The above picture is for representational only.

Sometimes Government hearings provide vital information on sensitive defense deals. A slide that was shown during a hearing on Defense and Technology Research to the Italian Parliament has given fresh clues to a secretive submarine project. The Italian midget submarine construction project has been famously kept very secret so far. Deals such as this one, are not talking discussed in the same manner as larger submarine projects are.

It turns out that an Italian boatyard is building two small submarines for the Qatari Emiri Navy, details of which are highly secret. This has given rise to speculation as to which company is building them and what are their capabilities?

Using traditional defense analysis along with open sources it turns out that this project is part of a wider expansion and modernization program undertaken by Qatari Emiri Navy. Doha has been on spending spree in Italy in search of new naval vessels.

Italian boat builder Fincantieri are building four Doha Class corvettes, along with a few patrol boats for Qatar. Also on the cards is a flat-deck amphibious transport dock, similar to Algeria’s Kalaat Beni Abbes class.  The small submarines will add teeth to Doha’s naval capabilities.

The presentation given to the Italian parliament on May 17 carries the first public pictures of the new submarines  which were built by CABI Cattaneo, an established special forces submarine builder.

In a statement CABI Cattaneo said, it is collaborating with another company to construct two midget submarines for a foreign customer. The statement matches the Qatar deal. According to observers, the submarine has a smooth teardrop hull, shoulder-mounted hydroplanes and is without a sail. The Italian company with which CABI Cattaneo has partnered with is likely to be M23 S.R.L.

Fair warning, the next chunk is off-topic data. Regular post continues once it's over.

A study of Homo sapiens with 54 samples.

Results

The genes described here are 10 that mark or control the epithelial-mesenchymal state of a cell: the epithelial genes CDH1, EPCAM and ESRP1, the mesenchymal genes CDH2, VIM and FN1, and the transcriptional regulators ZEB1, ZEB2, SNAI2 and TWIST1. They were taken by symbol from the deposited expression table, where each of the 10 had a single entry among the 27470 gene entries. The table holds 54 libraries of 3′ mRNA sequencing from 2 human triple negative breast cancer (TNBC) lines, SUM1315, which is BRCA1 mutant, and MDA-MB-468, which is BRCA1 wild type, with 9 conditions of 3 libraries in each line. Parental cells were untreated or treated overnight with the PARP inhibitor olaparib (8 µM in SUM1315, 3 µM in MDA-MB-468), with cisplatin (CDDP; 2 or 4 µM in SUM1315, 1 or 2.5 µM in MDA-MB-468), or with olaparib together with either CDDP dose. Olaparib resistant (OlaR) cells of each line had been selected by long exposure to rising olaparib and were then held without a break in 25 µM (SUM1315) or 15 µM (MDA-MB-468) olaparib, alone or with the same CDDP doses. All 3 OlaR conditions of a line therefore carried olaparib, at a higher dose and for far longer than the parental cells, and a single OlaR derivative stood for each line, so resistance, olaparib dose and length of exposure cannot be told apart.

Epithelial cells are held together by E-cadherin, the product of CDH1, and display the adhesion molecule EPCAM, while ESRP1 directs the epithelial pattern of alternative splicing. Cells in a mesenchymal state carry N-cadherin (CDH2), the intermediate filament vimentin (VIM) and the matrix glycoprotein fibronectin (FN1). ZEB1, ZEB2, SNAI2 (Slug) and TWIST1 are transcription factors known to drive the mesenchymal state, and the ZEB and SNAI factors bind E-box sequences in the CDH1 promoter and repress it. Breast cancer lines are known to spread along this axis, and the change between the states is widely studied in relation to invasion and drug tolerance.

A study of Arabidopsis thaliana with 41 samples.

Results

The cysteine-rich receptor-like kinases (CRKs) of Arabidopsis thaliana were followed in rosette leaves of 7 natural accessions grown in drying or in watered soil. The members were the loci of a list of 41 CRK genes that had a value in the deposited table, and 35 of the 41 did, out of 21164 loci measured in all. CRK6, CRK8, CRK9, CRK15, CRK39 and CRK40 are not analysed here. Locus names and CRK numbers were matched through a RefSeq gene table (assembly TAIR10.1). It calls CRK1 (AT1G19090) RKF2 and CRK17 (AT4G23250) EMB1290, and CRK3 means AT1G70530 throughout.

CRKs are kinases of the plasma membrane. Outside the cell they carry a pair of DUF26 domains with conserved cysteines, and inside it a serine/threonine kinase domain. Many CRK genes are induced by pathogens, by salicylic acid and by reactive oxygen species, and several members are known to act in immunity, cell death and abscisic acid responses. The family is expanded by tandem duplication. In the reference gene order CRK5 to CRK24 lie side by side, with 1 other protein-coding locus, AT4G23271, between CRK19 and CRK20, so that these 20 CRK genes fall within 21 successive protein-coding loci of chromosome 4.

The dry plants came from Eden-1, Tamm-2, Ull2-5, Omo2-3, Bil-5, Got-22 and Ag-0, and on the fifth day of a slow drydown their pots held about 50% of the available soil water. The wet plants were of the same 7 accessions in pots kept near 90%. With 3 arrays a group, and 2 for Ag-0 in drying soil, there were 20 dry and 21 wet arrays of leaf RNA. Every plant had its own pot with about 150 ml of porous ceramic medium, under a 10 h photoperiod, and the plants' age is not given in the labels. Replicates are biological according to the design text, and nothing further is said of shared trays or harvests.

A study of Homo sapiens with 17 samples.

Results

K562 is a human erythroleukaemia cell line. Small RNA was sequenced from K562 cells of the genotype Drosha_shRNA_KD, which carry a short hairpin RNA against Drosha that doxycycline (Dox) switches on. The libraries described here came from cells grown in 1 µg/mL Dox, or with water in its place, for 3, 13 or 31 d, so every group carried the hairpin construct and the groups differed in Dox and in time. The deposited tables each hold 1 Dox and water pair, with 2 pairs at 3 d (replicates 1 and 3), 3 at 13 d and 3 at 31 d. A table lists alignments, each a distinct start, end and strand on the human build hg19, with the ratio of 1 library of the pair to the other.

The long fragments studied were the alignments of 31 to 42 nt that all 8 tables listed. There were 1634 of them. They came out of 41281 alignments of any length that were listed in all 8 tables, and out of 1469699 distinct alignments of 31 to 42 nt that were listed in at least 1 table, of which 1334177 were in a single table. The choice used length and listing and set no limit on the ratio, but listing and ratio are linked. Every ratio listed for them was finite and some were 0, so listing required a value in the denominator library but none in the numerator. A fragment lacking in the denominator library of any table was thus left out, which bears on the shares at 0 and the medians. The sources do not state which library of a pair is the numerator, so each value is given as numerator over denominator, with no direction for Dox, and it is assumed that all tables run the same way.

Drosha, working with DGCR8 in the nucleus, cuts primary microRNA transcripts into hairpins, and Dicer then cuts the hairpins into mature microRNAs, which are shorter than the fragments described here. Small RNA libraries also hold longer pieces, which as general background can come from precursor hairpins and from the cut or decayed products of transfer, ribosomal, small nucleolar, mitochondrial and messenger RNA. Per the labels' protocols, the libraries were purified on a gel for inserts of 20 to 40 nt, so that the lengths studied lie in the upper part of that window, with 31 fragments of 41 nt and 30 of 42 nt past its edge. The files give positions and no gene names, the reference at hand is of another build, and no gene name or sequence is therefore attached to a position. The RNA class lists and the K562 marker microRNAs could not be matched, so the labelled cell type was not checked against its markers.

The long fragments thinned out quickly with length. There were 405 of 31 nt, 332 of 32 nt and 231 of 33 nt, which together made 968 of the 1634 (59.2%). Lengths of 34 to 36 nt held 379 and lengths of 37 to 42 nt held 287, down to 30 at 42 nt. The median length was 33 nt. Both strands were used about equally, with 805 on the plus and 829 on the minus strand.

In pure commercial terms, M23 S.R.L. is a new submarine builder and is a spin-off of the military business from established submarine builder GSE Trieste. Both companies share a factory in Ciserano, Bergamo, Italy. The lack of sail is likely to be one of the key identifying features of the Qatari submarines; they are also likely to look like GSE and Maritalia submarines.

According to observers, the mini subs are incased in a strong plastic outer hull, creating a streamlined form, while the shape of the control surfaces, the placement of the hydroplanes high on the shoulders, and their clean lines, bear the hallmark of the Santi.

While specifications of the mini subs are not in the public domain, it is possible that a clue has been left in the company’s name – M23, suggesting that they are likely to be 23 meters long (75 ft). Going by the dimensions of M23’s factory, the maximum expected size is likely to be around 30 meters (98 ft).

The two bumps on either side of the rounded nose of the submarines suggest that they are armed with at least two torpedoes.  Since mini submarines are typically used by special forces, they are likely to feature strong Special Forces capability.

More details on the mini submarines will surface once they are transported to their port of departure.